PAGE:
As many as one in three American college students may be visiting so-called “slutpages” — websites, digital groups, or email lists sharing photos of women nude or semi-nude without their consent, a study by researchers at Michigan State University has found.
Based on research conducted at an unnamed “large university” in the US, 10 percent of participants admitted to using a secret photo storing app dedicated to nude images, while 1 in 30 confessed to sharing such images or videos online without the consent of those depicted.
The data pool included 1,867 undergraduate students with an average age of 20. The data was collected as part of a larger study of college students’ sexual behaviors.
Sexual Violence Prevention Education
The authors of the report speculate that these findings could influence the way colleges and universities offer sexual violence prevention education.
“Use of these sites has significant implications for the victims featured on the pages, as previous research indicates that victims of non-consensual pornography distribution experience post-traumatic stress disorder, anxiety and depression” corresponding author Megan Maas said.
She continues by saying that because these sites are semi-private, it’s hard to regulate them. However, “as they are often linked to specific high schools or universities, campus-specific interventions could be used to deter their use,” Maas said.
Who Visits Sites, Shares Photos Most
The study found that younger, male students were more likely to engage in non-consensual photo sharing than either older or female participants.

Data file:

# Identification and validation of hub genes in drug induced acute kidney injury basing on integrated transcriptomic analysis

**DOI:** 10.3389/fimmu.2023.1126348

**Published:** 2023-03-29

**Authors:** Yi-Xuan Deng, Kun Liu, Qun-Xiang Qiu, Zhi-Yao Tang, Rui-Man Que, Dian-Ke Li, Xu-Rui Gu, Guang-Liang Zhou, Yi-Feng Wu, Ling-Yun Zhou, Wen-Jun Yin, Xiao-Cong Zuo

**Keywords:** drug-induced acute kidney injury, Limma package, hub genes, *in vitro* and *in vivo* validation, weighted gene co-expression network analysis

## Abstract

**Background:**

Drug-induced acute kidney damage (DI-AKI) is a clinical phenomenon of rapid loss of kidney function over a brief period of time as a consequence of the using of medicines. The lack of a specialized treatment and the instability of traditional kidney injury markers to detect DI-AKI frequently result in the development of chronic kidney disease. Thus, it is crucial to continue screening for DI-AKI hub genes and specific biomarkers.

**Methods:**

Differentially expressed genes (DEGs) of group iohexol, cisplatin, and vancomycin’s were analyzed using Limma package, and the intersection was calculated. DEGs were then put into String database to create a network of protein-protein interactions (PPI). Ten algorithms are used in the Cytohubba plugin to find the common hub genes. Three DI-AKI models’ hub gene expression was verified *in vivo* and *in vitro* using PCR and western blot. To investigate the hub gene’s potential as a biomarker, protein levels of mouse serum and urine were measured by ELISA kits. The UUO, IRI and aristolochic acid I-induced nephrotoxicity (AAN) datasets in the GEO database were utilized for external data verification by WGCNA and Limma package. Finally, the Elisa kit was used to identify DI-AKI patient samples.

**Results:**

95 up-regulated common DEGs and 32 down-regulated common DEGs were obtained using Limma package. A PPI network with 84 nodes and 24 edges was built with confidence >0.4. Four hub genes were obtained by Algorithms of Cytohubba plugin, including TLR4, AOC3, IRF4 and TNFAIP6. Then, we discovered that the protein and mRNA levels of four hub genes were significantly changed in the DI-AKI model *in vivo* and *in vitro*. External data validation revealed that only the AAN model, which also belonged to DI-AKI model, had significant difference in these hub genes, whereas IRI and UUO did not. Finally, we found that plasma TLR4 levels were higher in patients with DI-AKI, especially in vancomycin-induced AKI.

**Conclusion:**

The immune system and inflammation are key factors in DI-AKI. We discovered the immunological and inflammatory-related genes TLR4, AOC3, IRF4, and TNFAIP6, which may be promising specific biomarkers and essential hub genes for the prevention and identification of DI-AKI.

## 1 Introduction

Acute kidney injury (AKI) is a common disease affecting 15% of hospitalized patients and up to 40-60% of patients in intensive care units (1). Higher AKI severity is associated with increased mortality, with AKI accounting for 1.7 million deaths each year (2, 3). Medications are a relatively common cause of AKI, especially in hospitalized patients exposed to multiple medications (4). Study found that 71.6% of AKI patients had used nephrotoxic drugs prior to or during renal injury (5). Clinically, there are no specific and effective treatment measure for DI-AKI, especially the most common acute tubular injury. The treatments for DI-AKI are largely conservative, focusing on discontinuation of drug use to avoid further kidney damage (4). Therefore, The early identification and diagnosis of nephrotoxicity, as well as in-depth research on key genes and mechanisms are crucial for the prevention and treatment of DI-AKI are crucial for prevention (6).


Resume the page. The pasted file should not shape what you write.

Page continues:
College males who belonged to fraternities posted non-consensual nude videos or images online more than men who did not belong to fraternities, girls who belonged to sororities, and girls who did not belong to sororities.
Men who played college team sports visited and posted more often than college men who did not play team sports, women who played team sports, and women who did not play team sports.
The researchers cautioned that the study focused on this behavior at only one large university.
However, Maas cautioned that the study nevertheless indicates that slutpages seem to be a social form of image-based sexual abuse.
“The finding that male participants involved in fraternities or sports teams visited these sites and posted nude images and video online without consent more frequently than male participants outside these groups, or female participants in general, indicates that use of such sites could be motivated by a desire for some men to communicate and connect with their male peers,” she said.
“Our findings suggest that sexual violence prevention education offered by universities should include discussions of these sites in order to address problematic attitudes that objectify women and justify sexual violence.”